Nigeria's Super Eagles have never been short of inspiration for international games, especially when playing at home, and Friday's 2019 Africa Cup of Nations qualifier against Seychelles will be no different.
Super Eagles fans, spoilt by the swashbuckling, winning fare served up by teams of yore, especially the famed Class of '94, have come to expect nothing but victory on home ground, and react poorly when disappointed.
The constant fear of fan backlash acts as fuel for the players whenever they step on the pitch. Fuel which saw them claw their way back from the wretched start of losing their opening Afcon qualifier at home, to qualifying for the tournament with one game to spare.
Bottom of the group Seychelles, who have not won a single game in the series, are the final opponents, in Asaba. The game itself may be inconsequential, but coach Gernot Rohr has many questions to answer from it, as well as the friendly against Egypt four days later.
MOTIVATION AGAINST MINNOWS
Already qualified and facing the weakest team in the group, it is easy to see how team motivation might dip when playing against the part-timers.
The first question Rohr will ask is if they can motivate themselves to a significant level of effort against a smaller team when there's nothing on the line, purely to impress the coach.
They will have to find a way to not just break down the visitors, who have shown in two previous road games that they are quite content to hunker down and park the bus, and do so comprehensively.
It shouldn't be too tough a task, to be fair. Seychelles conceded a total of 11 goals in those two games, five against Libya and six against South Africa. Rohr will be hoping his players can do better, especially on a small pitch.
"I want to see the team go forward to score goals on a pitch which is not the biggest. We want to find find spaces tactically behind this defence of Seychelles," the German told ESPN.
"It will not be easy, they have prepared their team very well since the beginning of March in Ethiopia and they have had a long preparation," he added magnanimously.
There will be similar "small teams" in Egypt, and breaking them down when goal difference may be a qualification metric could decide their progress.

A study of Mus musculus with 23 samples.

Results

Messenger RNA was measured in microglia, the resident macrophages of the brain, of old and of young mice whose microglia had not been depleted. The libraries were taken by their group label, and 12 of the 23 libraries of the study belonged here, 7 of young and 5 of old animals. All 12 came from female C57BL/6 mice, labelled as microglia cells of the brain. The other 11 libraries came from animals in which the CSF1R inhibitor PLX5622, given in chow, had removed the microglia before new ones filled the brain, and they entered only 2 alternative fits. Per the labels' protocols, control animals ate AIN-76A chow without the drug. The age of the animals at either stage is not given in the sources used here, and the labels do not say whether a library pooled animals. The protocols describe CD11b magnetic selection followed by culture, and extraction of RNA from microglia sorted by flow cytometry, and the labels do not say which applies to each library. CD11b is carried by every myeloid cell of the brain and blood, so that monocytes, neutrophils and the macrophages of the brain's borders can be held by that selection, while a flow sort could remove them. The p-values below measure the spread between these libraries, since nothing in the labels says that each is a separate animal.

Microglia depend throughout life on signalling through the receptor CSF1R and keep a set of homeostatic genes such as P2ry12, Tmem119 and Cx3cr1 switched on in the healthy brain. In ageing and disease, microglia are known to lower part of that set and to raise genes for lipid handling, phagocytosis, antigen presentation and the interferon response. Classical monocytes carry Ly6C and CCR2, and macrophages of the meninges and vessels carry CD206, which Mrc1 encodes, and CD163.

And qualification or not, home fans, who have seen Libya and South Africa destroy this team, will expect even more from the Super Eagles.
STRENGTH AGAINST FAVOURITES
If trying to find motivation against Seychelles proves to be a problem, there is no danger of a lack of gusto against Egypt, even if it is a friendly.
The Pharaohs will present one of, if not the, sternest tests of the Super Eagles' title credentials. As seven-time winners and hosts, in addition to boasting the monstrously talented Mohamed Salah (though not for this game), Egypt go into the tournament as clear favourites.
Nigeria, who have missed the last two Afcon editions, have hopes of claiming the trophy too. To do so, they will have to find their way past opposition like the Pharaohs. A friendly against Egypt, even sans Salah, will show them just where they stand on the continent.
Rohr understands this: "Egypt, even without Salah, is one of the best teams in Africa and I think also favourite at home for the Afcon. From that match I want to see fighting spirit, solidarity and mentally, let us be a real team like we have been for a long time."
Additionally, there is the smell of revenge in the air. Nigeria's path to the last edition was blocked by Egypt on the back of a 2-1 aggregate defeat. Next Tuesday's game is opportunity for the Super Eagles to get some measure of payback, even if it's purely psychological.
LOCAL PLAYERS AND NEWBIES MUST PROVE WORTH
Rohr has always been inundated with calls to include more domestic players in his squads. The German has resisted those calls until now, with goalkeeper Ikechukwu Ezenwa usually the only regular local player in the squad.
For the first time, the coach now has four local lads in the squad, and says they may get a chance to show what they can do.
"People all the time asking for local players. Now we have four," he said. "They have to prove that they deserve to play in the game also."
The trio of Ikouwem Udoh, Ndifreke Effiong, and Valentine Ozornwafor, in addition to Ezenwa, have a huge part to play in rolling back the negative perception that has been reinforced by this season's continental misfortunes.
In addition to the local players, Rohr has also called up striker Paul Onuachu, who has lit up the Danish league this season. His invitation suggests that Rohr is still in the market for a backup for Odion Ighalo. Simy Nwankwo and Isaac Success have not exactly set the place alight and Onuachu will be closely watched to see if he can be the missing puzzle piece.
Overall, Rohr wants to see his players, free of the pressure that competitive matches bring, play with freedom: "We want to improve. We want to have two good games. We have the chance to be free in our mind.
"We have qualified and so I want to see these players play with freedom to develop good football. I want to see that they are progressing. I want to see that they are fit.
"Most important, I want to see also that they are mentally strong."
The group draw for Afcon will take place on Apr. 12 in Cairo, with the tournament proper starting on Jun. 21.